The change in the FAFSA’s timing from winter to fall has some potentially unforeseen consequences. One is student summer jobs. Even at minimum wage, a student who worked full-time for the summer may have earned $3,000 or more. Students who saved their summer income with the intent to spend it over the course of the school year may find themselves penalized in the aid formulas.

Students don’t get an asset protection allowance, so every dollar in their bank account increases their EFC by 20 cents. While 20 cents doesn’t seem like much, $3,000 saved from a summer job would increase the student’s EFC by $600.

What’s a family to do? Several options, depending on what the money is for.

A Roth IRA fully removes the money from the family’s balance sheet. Roths have the additional advantage that contributions may be withdrawn penalty-free. But there’s a catch: that withdrawal gets reported as income if it happens during a FAFSA income year. Assume the student keeps working, at increasing pay. If she earns $5,000 from a job and withdraws the $3,000 from the Roth IRA, she’s got income of $8,000. The approx. $1500 above the income protection allowance gets assessed at 50% on the FAFSA, resulting in an EFC increase of $750. (Not to mention that giving kids the lesson that it’s OK to withdraw their retirement savings for current needs is not in their best interest.)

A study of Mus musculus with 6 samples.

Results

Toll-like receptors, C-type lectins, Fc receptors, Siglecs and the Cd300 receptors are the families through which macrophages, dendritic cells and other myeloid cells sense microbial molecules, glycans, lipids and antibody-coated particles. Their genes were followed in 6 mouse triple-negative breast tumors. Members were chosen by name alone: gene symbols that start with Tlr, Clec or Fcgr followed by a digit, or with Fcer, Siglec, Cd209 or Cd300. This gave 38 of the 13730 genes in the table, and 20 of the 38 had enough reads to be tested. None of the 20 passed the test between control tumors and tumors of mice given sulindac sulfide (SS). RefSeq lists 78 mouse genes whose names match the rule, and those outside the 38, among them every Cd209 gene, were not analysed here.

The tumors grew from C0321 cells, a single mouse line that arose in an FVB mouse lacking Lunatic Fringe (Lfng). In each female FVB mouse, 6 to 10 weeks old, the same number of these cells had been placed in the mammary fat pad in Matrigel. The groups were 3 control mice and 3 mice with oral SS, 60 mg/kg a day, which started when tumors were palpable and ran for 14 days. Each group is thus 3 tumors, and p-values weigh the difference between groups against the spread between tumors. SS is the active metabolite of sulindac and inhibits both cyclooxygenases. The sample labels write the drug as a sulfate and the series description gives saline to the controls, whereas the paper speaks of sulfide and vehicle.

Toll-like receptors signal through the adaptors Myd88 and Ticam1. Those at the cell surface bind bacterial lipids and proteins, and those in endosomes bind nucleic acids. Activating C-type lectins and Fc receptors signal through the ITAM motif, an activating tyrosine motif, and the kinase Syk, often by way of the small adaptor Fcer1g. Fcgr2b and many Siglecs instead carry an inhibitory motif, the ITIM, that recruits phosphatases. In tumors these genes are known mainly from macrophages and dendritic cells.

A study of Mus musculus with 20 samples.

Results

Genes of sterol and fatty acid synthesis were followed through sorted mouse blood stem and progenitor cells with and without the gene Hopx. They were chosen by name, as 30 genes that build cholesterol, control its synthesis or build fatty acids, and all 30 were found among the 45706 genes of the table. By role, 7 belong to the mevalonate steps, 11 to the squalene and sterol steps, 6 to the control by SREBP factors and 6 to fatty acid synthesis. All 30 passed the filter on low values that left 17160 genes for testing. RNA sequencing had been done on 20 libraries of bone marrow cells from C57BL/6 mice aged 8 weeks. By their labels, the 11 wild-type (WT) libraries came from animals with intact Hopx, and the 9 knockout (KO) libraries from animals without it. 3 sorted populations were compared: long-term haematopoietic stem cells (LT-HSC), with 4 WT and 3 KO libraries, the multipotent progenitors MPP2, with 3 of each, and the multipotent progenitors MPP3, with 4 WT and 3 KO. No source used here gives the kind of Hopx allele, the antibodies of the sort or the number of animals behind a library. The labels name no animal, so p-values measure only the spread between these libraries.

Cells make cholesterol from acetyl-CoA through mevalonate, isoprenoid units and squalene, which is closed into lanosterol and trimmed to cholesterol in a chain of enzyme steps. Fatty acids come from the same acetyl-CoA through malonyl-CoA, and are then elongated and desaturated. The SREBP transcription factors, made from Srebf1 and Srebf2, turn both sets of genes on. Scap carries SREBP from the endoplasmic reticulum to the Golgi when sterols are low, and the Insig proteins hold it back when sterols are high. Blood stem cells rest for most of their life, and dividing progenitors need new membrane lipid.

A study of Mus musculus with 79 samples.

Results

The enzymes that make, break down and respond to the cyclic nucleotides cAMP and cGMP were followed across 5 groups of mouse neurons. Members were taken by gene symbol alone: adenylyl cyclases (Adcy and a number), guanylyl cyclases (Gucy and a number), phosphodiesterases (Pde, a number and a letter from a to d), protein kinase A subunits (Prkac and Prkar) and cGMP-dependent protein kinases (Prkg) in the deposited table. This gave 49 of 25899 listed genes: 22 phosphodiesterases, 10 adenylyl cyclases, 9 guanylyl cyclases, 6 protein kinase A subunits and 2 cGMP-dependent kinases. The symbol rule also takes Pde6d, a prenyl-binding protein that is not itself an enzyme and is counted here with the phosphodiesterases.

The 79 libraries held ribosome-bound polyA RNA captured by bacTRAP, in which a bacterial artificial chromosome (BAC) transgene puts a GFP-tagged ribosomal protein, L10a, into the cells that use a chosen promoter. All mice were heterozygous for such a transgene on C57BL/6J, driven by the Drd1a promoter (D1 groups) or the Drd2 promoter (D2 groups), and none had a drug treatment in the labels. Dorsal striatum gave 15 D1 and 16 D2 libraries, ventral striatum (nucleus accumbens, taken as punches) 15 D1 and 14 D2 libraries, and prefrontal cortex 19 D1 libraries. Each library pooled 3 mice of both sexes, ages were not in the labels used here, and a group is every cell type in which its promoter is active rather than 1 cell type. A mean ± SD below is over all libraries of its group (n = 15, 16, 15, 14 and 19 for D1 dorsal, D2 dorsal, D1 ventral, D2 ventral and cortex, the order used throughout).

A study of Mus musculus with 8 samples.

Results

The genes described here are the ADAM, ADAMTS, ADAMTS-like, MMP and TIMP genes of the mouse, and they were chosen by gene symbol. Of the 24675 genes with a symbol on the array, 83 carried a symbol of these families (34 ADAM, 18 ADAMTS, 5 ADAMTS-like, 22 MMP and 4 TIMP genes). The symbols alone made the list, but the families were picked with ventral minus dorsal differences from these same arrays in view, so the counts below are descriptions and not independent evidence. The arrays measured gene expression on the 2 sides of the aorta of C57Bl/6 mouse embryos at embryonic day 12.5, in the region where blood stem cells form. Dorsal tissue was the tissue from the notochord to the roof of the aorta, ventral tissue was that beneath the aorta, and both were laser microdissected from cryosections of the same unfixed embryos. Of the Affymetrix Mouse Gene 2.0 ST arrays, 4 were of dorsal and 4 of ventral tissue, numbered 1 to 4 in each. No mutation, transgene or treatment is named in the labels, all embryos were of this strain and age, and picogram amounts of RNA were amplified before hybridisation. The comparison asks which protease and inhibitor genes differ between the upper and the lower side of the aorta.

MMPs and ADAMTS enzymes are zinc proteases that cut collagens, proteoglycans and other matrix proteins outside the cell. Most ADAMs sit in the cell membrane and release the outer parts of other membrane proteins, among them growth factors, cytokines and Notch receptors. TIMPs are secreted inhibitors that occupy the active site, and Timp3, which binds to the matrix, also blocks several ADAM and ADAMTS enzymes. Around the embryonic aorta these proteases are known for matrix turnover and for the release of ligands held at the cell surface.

Money that’s intended for college may also be put in the parents’ 529 account. Some states, including Oregon, allow the contributor to take a tax deduction even if they aren’t the account owner. Moving the student’s savings to the 529 ensures its availability for college and transfers the money to the parents’ balance sheet, where it’s assessed at 5.64% above the asset protection allowance. And the withdrawal doesn’t get reported as income. In this case, the $3,000 increases EFC by $170 at most.

Families might also choose to have the student pick up more of their own summer and back-to-school expenses, simply to spend the summer income down. What you do after you’ve filed the FAFSA is no one’s business but your own.